UK prices up month on month, down quarter on quarter as growth see saws

The see saw nature of house prices in the UK were shown in the latest index with prices up 0.4% month on month in May, down 0.2% quarter on quarter an

The see saw nature of house prices in the UK were shown in the latest index with prices up 0.4% month on month in May, down 0.2% quarter on quarter and up 3.3% year on year.

The data from lender the Halifax also showed that while annual growth is still in positive territory it is down considerably compared to the recent peak of 10% in March 2016.

The slight uptick in May took the average price of a home to £220,706 with the Halifax’s index report indicating that low interest rates and a lack of supply continue to keep the market going.

‘The fact that the supply of new homes and existing properties available for sale remains low, combined with historically low mortgage rates and a high employment rate, is likely to support house price levels over the coming months,’ said Martin Ellis, Halifax housing economist.

While there has been virtually no change in prices in the last three months the data shows that over the medium to long term the housing market is still performing. House prices in May 2017 were 11% above their August 2007 peak. It means that the average house price of £220,706 is £66,043 or 43% higher than its low point of £154,663 in April 2009.

David Hollingworth of L&C Mortgages pointed out that demand from first time buyers remains good and they will have a better chance to build a deposit without prices spiralling out of their reach quicker than they can save.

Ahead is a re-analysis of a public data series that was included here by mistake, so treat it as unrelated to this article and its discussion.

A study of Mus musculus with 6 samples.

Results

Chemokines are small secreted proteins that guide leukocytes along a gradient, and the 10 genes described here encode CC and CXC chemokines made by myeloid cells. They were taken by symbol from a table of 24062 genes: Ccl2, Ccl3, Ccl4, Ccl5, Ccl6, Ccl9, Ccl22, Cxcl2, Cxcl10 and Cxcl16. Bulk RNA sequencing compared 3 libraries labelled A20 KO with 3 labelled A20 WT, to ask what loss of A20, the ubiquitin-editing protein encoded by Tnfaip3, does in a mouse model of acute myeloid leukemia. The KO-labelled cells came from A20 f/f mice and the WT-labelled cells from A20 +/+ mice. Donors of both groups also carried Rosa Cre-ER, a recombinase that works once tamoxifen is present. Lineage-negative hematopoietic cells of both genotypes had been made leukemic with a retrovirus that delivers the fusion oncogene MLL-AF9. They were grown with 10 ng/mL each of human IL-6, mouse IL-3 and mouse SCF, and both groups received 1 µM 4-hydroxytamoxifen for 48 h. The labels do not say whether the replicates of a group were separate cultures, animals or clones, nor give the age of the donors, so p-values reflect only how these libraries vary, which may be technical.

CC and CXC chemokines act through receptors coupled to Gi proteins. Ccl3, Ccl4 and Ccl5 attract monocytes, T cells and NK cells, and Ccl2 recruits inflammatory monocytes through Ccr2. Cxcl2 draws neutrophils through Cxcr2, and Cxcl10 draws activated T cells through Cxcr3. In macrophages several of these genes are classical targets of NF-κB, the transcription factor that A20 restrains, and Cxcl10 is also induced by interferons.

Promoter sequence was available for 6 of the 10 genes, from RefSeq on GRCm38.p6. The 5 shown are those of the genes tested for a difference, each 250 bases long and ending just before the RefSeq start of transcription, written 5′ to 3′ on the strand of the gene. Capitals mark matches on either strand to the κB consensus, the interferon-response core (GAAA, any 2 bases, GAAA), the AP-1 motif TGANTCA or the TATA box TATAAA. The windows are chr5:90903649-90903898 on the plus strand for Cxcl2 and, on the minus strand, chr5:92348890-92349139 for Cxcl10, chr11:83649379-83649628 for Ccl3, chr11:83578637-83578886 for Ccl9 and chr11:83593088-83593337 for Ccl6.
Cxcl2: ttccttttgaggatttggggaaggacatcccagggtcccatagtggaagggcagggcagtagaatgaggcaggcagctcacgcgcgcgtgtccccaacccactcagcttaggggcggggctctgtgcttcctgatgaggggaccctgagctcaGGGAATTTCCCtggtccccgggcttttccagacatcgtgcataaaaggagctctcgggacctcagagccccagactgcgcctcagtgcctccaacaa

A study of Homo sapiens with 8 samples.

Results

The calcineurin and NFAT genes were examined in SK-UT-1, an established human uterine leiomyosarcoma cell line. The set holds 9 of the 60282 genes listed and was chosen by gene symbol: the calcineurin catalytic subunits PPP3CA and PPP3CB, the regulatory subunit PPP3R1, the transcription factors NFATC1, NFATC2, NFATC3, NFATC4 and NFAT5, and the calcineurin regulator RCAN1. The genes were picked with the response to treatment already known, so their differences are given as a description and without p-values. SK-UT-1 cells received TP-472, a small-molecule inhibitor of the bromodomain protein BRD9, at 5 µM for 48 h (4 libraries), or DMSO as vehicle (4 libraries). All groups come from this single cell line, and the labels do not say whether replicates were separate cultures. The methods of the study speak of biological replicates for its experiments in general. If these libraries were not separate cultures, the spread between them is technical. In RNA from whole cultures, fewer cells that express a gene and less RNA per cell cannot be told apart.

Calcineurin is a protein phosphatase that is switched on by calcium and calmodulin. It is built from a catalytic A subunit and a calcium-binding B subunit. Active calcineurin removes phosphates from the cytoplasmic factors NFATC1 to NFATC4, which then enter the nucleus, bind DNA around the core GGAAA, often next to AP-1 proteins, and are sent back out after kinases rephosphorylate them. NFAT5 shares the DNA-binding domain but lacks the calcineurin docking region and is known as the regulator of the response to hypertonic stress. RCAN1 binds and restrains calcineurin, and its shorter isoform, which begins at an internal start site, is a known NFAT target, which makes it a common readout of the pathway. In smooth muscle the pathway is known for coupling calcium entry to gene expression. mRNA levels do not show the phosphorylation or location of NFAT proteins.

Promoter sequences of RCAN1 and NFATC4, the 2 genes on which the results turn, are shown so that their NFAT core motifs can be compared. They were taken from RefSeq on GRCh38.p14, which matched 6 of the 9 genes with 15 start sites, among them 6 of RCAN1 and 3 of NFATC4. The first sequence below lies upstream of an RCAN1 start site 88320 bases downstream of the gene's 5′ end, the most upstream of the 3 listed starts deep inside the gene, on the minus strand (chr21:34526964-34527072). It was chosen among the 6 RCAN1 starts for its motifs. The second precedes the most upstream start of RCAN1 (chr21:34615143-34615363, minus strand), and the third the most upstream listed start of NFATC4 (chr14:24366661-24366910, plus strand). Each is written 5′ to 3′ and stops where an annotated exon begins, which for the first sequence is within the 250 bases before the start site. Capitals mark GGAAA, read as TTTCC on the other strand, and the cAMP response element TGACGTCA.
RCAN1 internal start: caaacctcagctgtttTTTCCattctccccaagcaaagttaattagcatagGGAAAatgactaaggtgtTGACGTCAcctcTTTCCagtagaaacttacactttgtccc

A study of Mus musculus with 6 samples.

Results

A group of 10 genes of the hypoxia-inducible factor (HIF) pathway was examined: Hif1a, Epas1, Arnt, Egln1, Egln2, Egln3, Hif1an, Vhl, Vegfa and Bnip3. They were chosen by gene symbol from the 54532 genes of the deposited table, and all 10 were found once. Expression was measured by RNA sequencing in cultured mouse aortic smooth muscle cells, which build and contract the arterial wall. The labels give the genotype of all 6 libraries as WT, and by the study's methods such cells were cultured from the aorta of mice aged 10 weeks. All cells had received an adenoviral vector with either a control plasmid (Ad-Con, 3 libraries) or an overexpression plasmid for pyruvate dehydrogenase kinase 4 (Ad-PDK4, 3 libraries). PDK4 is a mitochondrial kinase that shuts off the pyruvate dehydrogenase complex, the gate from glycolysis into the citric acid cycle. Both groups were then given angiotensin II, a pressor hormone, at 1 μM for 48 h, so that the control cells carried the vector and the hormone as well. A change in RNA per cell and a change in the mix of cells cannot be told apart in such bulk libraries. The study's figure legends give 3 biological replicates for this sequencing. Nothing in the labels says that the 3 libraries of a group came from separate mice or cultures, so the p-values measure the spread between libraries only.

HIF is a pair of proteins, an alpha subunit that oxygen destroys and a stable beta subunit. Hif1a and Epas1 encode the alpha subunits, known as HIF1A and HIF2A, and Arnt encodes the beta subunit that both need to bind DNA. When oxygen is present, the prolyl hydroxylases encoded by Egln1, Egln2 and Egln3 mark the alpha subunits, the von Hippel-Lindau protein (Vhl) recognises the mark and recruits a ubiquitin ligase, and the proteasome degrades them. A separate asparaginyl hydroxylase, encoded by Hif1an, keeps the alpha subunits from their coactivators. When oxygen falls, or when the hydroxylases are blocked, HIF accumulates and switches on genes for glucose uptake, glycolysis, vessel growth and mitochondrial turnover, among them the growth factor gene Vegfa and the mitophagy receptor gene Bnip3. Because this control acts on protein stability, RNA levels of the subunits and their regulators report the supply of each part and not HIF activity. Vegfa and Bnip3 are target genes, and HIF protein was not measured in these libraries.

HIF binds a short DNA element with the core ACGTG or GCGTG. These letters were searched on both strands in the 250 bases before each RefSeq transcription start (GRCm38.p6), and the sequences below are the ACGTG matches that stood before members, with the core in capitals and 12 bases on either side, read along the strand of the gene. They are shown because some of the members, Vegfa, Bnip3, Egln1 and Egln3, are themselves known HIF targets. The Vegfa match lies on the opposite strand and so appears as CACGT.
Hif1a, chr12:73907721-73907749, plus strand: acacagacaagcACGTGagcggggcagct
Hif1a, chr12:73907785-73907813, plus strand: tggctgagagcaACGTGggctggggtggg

‘That may also be helped by the reduced level of activity in the buy to let market as landlords get to grips with higher stamp duty charges, reduction in tax relief and tighter lending criteria,’ he added.

However, Jonathan Hopper, managing director of Garrington Property Finders, is concerned about the longer term outlook as he believes that falling real wages are eroding buyer confidence and squeezing affordability.

‘For too long the gap between house price growth and wage growth has been a gulf. This was unsustainable and it was inevitable that prices would ease, especially in the areas where they had been rising fastest,’ he said.

‘But nothing puts the brakes on the housing market more than the sense that prices may ease in future. Would be buyers are quick to sit on their hands if they think waiting could save them money,’ he explained.

He hopes that there will be a positive outcome from this week’s general election. ‘If Friday morning brings a clear result there’s a good chance the market will ease past its current speed bump. Clarity is what is needed to free up more supply and spur discretionary buyers back into action,’ he added.

The up and down nature of the market reflects the turbulent landscape that both the UK property market and the wider economy have had to traverse over the last year or so, according to Russell Quirk, chief executive of online estate agents eMoov.

He too believes that the outcome of the election is important. ‘The recent cooling of price growth seems to be thawing and it is no coincidence that one of the overarching factors in the recent price growth slowdown has been a shortage of stock, more so than usual. Regardless of which way the election goes, it is likely that the housing sector will receive a boost from the many home sellers and buyers, who until now, have been putting their decision on hold until the election dust has settled,’ he added.

Alex Gosling, chief executive officer of online estate agents HouseSimple, pointed out that a hung parliament is the last thing the housing market needs. ‘But this is not a property market in crisis, it’s just that we’re so used to seeing prices rise relentlessly every month. It’s likely growth will be low single digits this year, but the buyers and sellers are still out there,’ he said.

‘Demand hasn’t fallen away, although buyers are spending more time looking before committing to a purchase. And the continued supply shortage is still supporting prices,’ he added.